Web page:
South decides on $8M aid and Kaesong visits



The Blue House announced Friday it will provide $8 million to international organizations to supply nutritional aid to children and pregnant women in North Korea and permit owners of businesses in the Kaesong Industrial Complex to visit their factories.

The decisions, possibly the biggest steps Seoul has recently taken towards reconciliation with Pyongyang, were made at a National Security Council (NSC) meeting Friday afternoon presided over by Chung Eui-yong, the presidential national security adviser.

The Moon Jae-in administration formalized its intention last week to send food aid to North Korea in response to a new UN report indicating a massive food shortage in the country, but had been debating how to do it given the political and diplomatic risks posed by a direct government-to-government transfer.

The Blue House Friday said that while its final plans to dispatch aid to the North would be decided after canvassing public opinion, it would first provide $8 million to the World Food Programme (WFP) and Unicef to provide thousands of children and pregnant or breastfeeding women with fortified cereals and enriched biscuits to combat malnutrition in North Korea.

President Moon Jae-in last week met with David Beasley, executive director of the WFP, to discuss the urgency of the food situation in the North.

Beasley emphasized the results of a joint WFP and UN Food and Agricultural Organization report that said around 10.1 million people - 40 percent of the population - suffer from severe food shortages.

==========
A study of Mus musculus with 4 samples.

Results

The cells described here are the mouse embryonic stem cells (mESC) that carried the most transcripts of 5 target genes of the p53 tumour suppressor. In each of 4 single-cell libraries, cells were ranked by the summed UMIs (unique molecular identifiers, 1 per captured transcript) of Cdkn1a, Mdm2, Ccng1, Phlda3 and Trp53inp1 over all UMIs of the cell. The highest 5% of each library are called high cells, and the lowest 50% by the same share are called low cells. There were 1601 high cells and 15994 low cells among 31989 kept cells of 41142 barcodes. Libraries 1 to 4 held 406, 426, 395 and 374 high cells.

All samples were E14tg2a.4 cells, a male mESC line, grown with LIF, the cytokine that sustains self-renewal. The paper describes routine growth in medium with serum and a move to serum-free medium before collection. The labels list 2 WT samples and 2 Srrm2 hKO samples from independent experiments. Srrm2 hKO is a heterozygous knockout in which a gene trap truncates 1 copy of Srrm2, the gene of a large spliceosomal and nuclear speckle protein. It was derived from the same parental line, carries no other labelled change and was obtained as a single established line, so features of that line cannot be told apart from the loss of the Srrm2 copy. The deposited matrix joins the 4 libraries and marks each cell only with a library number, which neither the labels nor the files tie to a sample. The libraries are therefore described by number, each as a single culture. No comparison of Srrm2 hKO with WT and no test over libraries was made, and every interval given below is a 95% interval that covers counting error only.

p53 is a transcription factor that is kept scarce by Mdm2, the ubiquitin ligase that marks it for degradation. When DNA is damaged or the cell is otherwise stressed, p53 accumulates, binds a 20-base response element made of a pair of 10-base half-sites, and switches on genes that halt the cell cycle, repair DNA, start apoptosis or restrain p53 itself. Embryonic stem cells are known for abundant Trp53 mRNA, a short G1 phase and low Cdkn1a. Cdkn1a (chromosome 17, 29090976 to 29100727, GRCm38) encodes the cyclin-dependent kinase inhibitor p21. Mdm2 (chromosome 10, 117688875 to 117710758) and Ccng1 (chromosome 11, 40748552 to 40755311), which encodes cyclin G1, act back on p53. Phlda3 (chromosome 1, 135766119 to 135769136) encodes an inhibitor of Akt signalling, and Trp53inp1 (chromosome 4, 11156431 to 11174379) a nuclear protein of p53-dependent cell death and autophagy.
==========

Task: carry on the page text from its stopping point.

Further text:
The ultimate figure Seoul arrived at as aid is identical to the amount it promised the WFP and Unicef in September 2017.

One of the reasons the South failed to deliver on that pledge was pushback from the United States, though no official admission was made to that account.

Disapproval from Washington was apparently also the reason why the South dillydallied on granting approval to its businessmen with factories in the Kaesong Industrial Complex until Friday.

The businessmen, totaling around 200, had made a total of eight previous attempts to get the Unification Ministry’s permission to check on the state of the industrial equipment they left behind when the complex was closed by the previous administration in 2016.

All were denied allegedly out of concern that their trip could open a rift with the United States.

Officials in Washington reportedly worried that Seoul’s economic cooperation projects with the North would undermine its so-called maximum pressure campaign on Pyongyang.

But after mounting a public campaign, the businessmen’s ninth request, submitted jointly with eight lawmakers on April 30, proved successful.

“[The ministry] has decided to approve a request by the businessmen in terms of protecting our citizens’ property rights,” read a Unification Ministry press release on Friday.

“The government will work to ensure the Kaesong Industrial Complex businessmen’s trip to the North to verify the state of their equipment proceeds smoothly.”

A private organization representing the businesses welcomed the approval in a press release, saying that it was belated but nonetheless appreciated.

The statement added, however, that the government would be unable to avoid criticism that it had so far been neglectful of its citizens’ property rights due to its “excessive concerns” over what the United States would think.